The food that we consume is converted into glucose to give us energy. The normal blood glucose level is between 100 and 130 mg/dl. When there is a higher concentration of glucose in the blood, we term it as hyperglycemia. This also refers to high blood sugar levels and diabetes. The Department of Diabetes and Endocrinology states that high blood glucose levels occur when there are low insulin levels in the body. It also implies that the person has diabetes. When we do not treat this condition, it can affect the organs, tissues, and nerves in the long term.
Causes of hyperglycemia:
Several factors can lead to hyperglycemia. The major causes are as follows.
- Inappropriate dosage of insulin and other medicines that lower the blood glucose levels
- Eating a rich carbohydrate meal
- Poor synthesis of insulin hormone
- High-stress levels
- Infections and illness.
Several risk factors cause hyperglycemia in the body. These risk factors are,
- Type 2 diabetes mellitus
- Gestational diabetes
- Polycystic ovarian syndrome
- Excess blood cholesterol levels
- High blood pressure
The Department of Diabetes and Endocrinology has defined certain parameters of a healthy blood sugar range. These values are as follows.
- The blood sugar level before food should be between 80 and 120 mg/dl for those who are below 59 years of age.
- The blood sugar level should be between 100 and 140 mg/dl for people who are 60 years and older.
- The American Diabetes Association recommends target blood sugar levels as 80 and 130 mg/dl before meals and less than 180 mg/dl, two hours after taking food.
- The best way to diagnose hyperglycemia is through blood sugar levels. It is also pertinent to perform home blood sugar monitoring.
- HbA1C monitoring is also an important parameter of blood glucose levels. This test shows the average blood sugar level for the past 2 to 3 months. It measures the percentage of glucose attached to the hemoglobin. Its level should be less than 7%.
What are the symptoms of hyperglycemia?
Early signs of hyperglycemia are 3Ps (polyurea- frequent urination, polydipsia- excess thirst, and polyphagia- excess eating). Other signs are headache, fatigue, and blurred vision. Long-term symptoms are weight loss, vaginal infections, and slow-healing sores.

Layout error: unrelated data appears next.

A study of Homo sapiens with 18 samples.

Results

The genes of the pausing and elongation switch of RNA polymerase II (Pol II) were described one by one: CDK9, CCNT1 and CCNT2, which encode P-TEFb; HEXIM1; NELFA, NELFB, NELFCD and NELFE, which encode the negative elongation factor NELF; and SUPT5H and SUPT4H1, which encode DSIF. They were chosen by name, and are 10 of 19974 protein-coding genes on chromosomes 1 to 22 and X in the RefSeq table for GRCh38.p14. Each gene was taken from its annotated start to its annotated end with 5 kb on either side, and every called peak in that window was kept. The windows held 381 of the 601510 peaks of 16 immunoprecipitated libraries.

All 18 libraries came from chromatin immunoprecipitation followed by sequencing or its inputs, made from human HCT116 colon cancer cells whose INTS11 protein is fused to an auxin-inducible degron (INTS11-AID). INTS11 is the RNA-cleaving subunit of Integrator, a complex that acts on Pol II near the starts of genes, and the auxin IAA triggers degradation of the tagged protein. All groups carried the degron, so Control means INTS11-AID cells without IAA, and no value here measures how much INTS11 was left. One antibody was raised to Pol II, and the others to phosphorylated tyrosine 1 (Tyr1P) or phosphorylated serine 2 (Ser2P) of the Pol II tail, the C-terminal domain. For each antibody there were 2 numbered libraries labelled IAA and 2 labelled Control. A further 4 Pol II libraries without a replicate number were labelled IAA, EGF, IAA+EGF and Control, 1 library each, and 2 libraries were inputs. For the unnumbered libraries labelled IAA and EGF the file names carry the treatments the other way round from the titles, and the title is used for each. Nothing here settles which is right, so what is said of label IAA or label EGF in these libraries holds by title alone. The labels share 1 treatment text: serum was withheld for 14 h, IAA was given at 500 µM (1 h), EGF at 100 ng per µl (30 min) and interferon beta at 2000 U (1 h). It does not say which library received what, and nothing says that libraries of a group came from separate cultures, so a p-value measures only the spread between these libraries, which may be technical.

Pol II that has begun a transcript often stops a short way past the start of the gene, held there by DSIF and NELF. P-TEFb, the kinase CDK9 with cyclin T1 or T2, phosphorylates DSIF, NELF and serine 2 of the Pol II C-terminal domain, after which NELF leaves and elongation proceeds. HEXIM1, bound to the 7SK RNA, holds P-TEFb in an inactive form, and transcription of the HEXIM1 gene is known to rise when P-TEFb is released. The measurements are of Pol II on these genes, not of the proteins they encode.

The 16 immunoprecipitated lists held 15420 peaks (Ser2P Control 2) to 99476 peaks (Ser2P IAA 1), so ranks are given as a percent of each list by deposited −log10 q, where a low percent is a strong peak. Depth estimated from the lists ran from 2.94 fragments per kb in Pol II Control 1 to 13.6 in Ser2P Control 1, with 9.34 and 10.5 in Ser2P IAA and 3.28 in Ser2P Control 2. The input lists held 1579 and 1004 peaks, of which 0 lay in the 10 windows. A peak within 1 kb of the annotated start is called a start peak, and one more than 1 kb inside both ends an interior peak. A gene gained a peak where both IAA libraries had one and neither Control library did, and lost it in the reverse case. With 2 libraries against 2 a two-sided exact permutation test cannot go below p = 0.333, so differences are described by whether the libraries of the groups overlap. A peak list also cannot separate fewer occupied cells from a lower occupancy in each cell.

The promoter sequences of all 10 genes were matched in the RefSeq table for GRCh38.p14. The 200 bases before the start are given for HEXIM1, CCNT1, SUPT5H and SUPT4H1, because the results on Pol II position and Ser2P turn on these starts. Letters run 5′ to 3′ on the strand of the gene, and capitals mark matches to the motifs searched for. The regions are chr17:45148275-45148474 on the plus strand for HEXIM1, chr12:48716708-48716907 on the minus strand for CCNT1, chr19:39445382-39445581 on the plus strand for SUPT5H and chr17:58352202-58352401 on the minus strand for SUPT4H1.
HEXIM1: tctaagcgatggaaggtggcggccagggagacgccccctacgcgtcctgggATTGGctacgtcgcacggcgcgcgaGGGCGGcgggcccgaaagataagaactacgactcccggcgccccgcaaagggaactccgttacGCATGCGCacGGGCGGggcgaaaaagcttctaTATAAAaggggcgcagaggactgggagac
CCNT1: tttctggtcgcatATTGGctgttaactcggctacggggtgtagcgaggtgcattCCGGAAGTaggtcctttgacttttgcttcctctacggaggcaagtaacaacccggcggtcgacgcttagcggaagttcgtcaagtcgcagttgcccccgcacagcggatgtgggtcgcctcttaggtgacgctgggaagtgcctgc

It is mandatory to consult with experts from the Department of Diabetes and Endocrinology to treat excess blood glucose levels. The experts generally suggest the following treatment options.
- Regular exercise is a must. This is the best way to keep the blood glucose levels under control.
- Doctors will prescribe diabetic medicines to control the blood glucose levels. It is important to take these medicines without skipping them.
- It is mandatory to follow a hyperglycemia diet plan. This includes eating several small portions of meals in a day. It also suggests avoiding sugary beverages and snacking.
- It is important to check blood glucose levels often. Doctors will also change the course of treatment depending on blood glucose levels.
- Some patients might have to take insulin shots to manage the excess blood glucose levels.
- In cases of severe hyperglycemia, doctors will admit the patient to the emergency room and infuse fluids intravenously to flush out the glucose through urine. They will also suggest insulin therapy to metabolize the glucose levels.
Hyperglycemia is the result of a lack of adequate insulin in the body. This could be due to issues in the pancreas. Or the inability of the body to metabolize the excess glucose in the blood. Insulin resistance is the major cause of hyperglycemia, as per the experts at the Department Of Diabetes & Endocrinology. Lifestyle change, hypoglycemic medicines, and insulin therapy are the best ways to maintain normal blood glucose levels.